Customer Service | Help | FAQ | PEP-Easy | Report a Data Error | About
:
Login
PEP-Easy Tip: To save PEP-Easy to the home screen

PEP-Web Tip of the Day

To start PEP-Easy without first opening your browser–just as you would start a mobile app, you can save a shortcut to your home screen.

First, in Chrome or Safari, depending on your platform, open PEP-Easy from pepeasy.pep-web.org. You want to be on the default start screen, so you have a clean workspace.

Then, depending on your mobile device…follow the instructions below:

On IOS:

  1. Tap on the share icon Action navigation bar and tab bar icon
  2. In the bottom list, tap on ‘Add to home screen’
  3. In the “Add to Home” confirmation “bubble”, tap “Add”

On Android:

  1. Tap on the Chrome menu (Vertical Ellipses)
  2. Select “Add to Home Screen” from the menu

 

For the complete list of tips, see PEP-Web Tips on the PEP-Web support page.

Kline, T.J. (1998). Alain Berliner's Ma Vie en Rose (1997): Crossing Dress, Crossing Boundaries. Gender and Psychoanalysis, 3(4):435-449.

(1998). Gender and Psychoanalysis, 3(4):435-449

Alain Berliner's Ma Vie en Rose (1997): Crossing Dress, Crossing Boundaries

T. Jefferson Kline, Ph.D.

Alain Berliner's film, Ma Vie en Rose (My Life in Pink) presents the drama of a seven-year-old boy, Ludovic, who frequently dresses like a girl in the belief that his gender has been “mis-assigned” and that he will eventually become a girl. Berliner's fictional presentation of this child and his family is remarkably consistent with the clinical evidence of such cases as reported by Stoller (1968). At first tolerated by his family, his transsexual behavior becomes increasingly unacceptable to his neighbors. After substituting himself for the girl who was to play Snow White in the school play, Ludovic encounters increasingly menacing reactions from his community and attempts suicide by locking himself in a freezer. Thus the character instinctively blurs his fantasy world (the sleeping Snow White frozen in her coffin awaiting the prince's kiss) and his reality (the nearly frozen child waiting in the freezer for rescue). Berliner replicates this blurring at the level of the narrative by insistent confusions between Ludovic's pastel dreamscapes and the film's overly saccharine reality. Thus Berliner offers us two “scripts”: the “clinical” one in which Ludovic learns that the only solution to his gender confusion is to “put his femininity to sleep” until he is old enough to make a gender choice on his own; and the metacinematic one in which the viewer is encouraged to participate in this fantasy of gender blurring in a way that may be quite liberating and that only the particular apparatus of the cinema can accomplish to such a degree.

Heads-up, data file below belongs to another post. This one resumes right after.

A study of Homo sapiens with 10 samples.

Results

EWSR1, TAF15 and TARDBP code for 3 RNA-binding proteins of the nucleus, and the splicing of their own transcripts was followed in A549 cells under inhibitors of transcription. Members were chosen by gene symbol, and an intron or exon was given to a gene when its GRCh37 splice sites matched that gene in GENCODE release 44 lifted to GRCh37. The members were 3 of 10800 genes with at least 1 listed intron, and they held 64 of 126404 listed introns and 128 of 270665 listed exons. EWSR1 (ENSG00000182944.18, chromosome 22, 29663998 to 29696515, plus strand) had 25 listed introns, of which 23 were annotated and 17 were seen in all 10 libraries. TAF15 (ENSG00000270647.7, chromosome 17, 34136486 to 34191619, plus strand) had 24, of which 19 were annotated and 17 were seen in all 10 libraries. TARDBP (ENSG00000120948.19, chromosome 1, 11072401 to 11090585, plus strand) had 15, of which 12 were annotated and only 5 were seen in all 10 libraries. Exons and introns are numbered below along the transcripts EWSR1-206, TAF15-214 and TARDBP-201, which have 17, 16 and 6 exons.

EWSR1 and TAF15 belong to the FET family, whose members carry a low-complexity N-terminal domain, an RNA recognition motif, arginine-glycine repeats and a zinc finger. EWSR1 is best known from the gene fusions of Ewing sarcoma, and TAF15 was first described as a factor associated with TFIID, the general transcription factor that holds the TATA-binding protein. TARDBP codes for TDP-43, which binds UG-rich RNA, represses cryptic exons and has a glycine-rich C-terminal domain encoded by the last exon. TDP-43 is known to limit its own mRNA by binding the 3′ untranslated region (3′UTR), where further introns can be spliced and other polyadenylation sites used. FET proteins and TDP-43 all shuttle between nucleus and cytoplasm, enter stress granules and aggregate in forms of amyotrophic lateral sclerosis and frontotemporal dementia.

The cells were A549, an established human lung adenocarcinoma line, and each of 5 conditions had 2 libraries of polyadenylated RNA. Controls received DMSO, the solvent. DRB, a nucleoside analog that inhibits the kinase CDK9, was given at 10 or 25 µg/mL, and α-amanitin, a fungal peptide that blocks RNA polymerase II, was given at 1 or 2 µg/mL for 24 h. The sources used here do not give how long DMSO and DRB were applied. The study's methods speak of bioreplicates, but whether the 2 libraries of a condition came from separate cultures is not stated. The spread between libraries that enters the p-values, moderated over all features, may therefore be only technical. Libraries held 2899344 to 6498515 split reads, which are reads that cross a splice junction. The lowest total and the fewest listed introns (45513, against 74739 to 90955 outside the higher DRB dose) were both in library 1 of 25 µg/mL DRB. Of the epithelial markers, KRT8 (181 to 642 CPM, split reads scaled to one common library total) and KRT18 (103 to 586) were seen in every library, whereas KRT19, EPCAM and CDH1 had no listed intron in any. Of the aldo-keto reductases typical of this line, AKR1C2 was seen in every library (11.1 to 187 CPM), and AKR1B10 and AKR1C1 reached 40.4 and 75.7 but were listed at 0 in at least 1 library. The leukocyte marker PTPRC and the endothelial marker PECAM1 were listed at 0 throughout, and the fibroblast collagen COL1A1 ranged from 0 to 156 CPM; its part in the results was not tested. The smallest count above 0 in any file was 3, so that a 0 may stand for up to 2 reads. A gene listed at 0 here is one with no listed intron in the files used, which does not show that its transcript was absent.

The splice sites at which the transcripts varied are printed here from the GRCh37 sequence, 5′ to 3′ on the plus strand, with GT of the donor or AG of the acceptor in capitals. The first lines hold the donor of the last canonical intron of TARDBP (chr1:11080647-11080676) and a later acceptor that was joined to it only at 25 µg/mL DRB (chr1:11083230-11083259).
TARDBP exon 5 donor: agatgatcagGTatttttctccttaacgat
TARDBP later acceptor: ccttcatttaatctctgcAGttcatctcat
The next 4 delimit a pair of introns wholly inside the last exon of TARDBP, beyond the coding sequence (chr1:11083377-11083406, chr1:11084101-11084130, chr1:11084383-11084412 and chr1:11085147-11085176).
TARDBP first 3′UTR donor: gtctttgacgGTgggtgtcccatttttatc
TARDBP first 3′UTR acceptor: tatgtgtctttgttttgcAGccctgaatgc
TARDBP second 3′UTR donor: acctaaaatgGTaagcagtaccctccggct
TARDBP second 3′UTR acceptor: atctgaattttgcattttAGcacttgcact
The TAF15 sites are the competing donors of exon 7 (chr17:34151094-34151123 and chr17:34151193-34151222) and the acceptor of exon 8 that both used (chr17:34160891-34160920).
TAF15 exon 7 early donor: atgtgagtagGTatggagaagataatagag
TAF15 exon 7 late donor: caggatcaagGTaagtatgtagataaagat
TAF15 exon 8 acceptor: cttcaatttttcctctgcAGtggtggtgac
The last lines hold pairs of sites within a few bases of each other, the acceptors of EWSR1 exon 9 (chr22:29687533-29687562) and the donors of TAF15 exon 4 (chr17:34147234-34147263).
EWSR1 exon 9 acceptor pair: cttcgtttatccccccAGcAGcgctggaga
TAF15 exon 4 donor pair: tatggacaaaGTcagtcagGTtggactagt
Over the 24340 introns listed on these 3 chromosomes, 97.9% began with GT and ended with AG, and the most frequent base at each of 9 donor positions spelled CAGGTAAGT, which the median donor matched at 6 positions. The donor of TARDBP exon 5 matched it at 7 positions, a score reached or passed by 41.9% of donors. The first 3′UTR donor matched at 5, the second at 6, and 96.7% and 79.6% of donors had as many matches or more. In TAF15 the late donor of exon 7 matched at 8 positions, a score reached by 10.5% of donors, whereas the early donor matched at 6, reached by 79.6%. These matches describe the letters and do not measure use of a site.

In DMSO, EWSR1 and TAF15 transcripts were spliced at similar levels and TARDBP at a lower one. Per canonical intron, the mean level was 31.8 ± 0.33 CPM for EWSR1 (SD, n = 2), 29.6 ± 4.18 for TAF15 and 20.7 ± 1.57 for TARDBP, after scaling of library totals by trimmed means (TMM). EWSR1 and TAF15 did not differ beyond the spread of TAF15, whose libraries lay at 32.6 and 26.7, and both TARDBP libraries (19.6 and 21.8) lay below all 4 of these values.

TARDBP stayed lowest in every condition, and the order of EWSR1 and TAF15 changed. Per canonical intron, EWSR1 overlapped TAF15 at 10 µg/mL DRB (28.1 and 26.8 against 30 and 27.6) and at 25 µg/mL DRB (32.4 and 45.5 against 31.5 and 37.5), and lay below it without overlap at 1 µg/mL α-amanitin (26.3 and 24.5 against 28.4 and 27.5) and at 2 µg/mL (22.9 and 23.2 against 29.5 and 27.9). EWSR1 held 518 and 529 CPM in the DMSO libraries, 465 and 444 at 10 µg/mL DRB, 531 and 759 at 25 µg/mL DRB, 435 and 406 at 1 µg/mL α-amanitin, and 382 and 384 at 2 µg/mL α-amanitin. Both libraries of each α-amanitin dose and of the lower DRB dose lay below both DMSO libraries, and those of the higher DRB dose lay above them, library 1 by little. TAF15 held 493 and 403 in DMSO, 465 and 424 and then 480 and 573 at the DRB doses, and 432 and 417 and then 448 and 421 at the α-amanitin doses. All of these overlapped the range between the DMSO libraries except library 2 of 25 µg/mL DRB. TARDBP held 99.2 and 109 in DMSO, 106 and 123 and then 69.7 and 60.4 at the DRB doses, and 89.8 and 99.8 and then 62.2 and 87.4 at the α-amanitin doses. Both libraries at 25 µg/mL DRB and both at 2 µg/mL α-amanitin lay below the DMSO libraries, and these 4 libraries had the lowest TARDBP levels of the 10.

[This is a summary or excerpt from the full text of the book or article. The full text of the document is available to subscribers.]

Copyright © 2019, Psychoanalytic Electronic Publishing, ISSN 2472-6982 Customer Service | Help | FAQ | Download PEP Bibliography | Report a Data Error | About

WARNING! This text is printed for personal use. It is copyright to the journal in which it originally appeared. It is illegal to redistribute it in any form.